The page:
WildPackets mulls alliance with NetScout

WildPackets Inc is considering an alliance with NetScout Systems Inc to bundle the latter's remote monitoring (RMON) and SNMP probe technology with its own Expert Analysis technology, according to WildPackets chief executive Mahboud Zabetian.

By CBR Staff Writer

Expert Analysis, in the world of protocol analysis, refers to a capability, usually licensed separately from the basic probes, to take the data they’re outputting and detect trends, signs of pre-existing problem scenarios and so on, thus removing a lot of the heavy lifting from network troubleshooting.

Experts were invented by the market leader, Network General Corp, back in the early nineties, but have now become a feature in its competitors’ probe portfolios, such that the term itself has become a generic one for the kind of technology that can automate the first phases of analysis.

Walnut Creek, California-based WildPackets, for instance, offers Expert versions of its discrete probes for individual protocols such as EtherPeek (the Expert version being EtherPeek NX), as well as a multi-protocol Expert, the Omni DNX Engine.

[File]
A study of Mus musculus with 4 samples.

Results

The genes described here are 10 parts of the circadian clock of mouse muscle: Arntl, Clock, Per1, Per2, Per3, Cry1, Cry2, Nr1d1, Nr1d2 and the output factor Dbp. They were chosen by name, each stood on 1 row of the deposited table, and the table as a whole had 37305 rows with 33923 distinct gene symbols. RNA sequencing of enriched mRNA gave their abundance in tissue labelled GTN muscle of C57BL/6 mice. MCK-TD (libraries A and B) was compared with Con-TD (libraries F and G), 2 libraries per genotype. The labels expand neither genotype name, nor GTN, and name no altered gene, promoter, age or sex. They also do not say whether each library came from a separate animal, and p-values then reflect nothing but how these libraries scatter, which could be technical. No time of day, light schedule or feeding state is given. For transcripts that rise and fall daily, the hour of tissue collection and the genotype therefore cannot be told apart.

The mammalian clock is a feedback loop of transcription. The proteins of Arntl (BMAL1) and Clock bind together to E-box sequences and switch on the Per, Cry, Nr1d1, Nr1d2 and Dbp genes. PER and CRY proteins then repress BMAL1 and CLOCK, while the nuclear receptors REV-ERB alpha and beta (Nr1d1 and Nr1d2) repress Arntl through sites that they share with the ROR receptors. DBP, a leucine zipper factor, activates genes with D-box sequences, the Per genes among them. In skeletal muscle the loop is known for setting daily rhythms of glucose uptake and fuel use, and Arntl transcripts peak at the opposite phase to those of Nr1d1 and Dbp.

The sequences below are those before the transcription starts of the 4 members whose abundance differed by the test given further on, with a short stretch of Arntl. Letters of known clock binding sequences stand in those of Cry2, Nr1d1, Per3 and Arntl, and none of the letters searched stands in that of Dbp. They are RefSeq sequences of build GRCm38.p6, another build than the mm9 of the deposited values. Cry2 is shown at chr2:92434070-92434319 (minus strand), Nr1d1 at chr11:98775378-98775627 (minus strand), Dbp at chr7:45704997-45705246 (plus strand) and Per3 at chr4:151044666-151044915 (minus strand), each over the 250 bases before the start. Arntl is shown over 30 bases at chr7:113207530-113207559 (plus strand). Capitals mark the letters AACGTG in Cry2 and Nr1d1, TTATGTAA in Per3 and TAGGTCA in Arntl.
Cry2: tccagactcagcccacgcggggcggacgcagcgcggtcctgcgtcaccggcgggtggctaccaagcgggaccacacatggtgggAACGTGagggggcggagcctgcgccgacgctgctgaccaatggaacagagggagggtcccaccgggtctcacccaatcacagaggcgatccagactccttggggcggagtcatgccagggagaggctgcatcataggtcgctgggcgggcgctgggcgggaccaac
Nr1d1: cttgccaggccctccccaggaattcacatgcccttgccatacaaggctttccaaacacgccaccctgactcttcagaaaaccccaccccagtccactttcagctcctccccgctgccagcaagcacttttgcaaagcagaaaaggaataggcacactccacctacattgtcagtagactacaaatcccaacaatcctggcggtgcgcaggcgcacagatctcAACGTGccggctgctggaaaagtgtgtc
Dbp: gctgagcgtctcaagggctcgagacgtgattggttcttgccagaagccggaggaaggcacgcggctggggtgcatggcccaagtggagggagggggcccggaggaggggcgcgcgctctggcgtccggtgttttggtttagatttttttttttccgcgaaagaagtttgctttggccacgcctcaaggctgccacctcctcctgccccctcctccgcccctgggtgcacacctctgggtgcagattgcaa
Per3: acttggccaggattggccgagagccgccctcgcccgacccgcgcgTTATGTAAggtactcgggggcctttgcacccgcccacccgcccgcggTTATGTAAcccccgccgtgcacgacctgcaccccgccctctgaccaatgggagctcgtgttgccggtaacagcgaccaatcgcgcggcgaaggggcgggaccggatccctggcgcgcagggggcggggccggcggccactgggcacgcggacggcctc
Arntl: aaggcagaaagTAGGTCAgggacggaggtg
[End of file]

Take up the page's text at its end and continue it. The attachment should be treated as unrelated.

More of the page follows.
NetScout used to bundle Network General’s technology but stopped a few years ago, said Zabetian, explaining the rationale for a possible tie-up with the Westford, Massachusetts-based developer. And while NetScout is in a competitor to WildPackets in some areas, he saw more complementary features than head-to-head rivalry.

They’re primarily organized around selling their RMON and SNMP probes, which complement our DNX Engine, he said. We’ve already developed an RMONGrabber [announced earlier this month] for DNX that can take information from their probes.

Teaming the privately held WildPackets with Nasdaq-listed NetScout would, among other things, present a significant challenge for Network General. That company last year emerged from the bowels of infosec heavyweight McAfee Inc and is now touting its return to the protocol analysis fray, with renewed focus and deep pockets for R&D spending ($30m over the last year) thanks to the private equity investors that bought it and its own relatively large revenue.

Network General president Mike Pope has recently referred to the likes of WildPackets and NetScout as ankle biters that have taken advantage of the seven-year catnap his company underwent as the sniffer technologies division of McAfee (which at the time was renamed Network Associates), adding that the renascent Network General would retake market share lost to them during its Dark Ages.


He cited a recent bake-off held by The Tolly Group, which found that the WildPackets product could handle 1.2Gbps of throughput, outstripping competing products.

Rather than biting at Network General’s ankles, WildPackets has in fact exposed the market leader’s Achilles heel, he said, adding that this was something it intends to continue to do with initiatives such as the possible alliance with NetScout.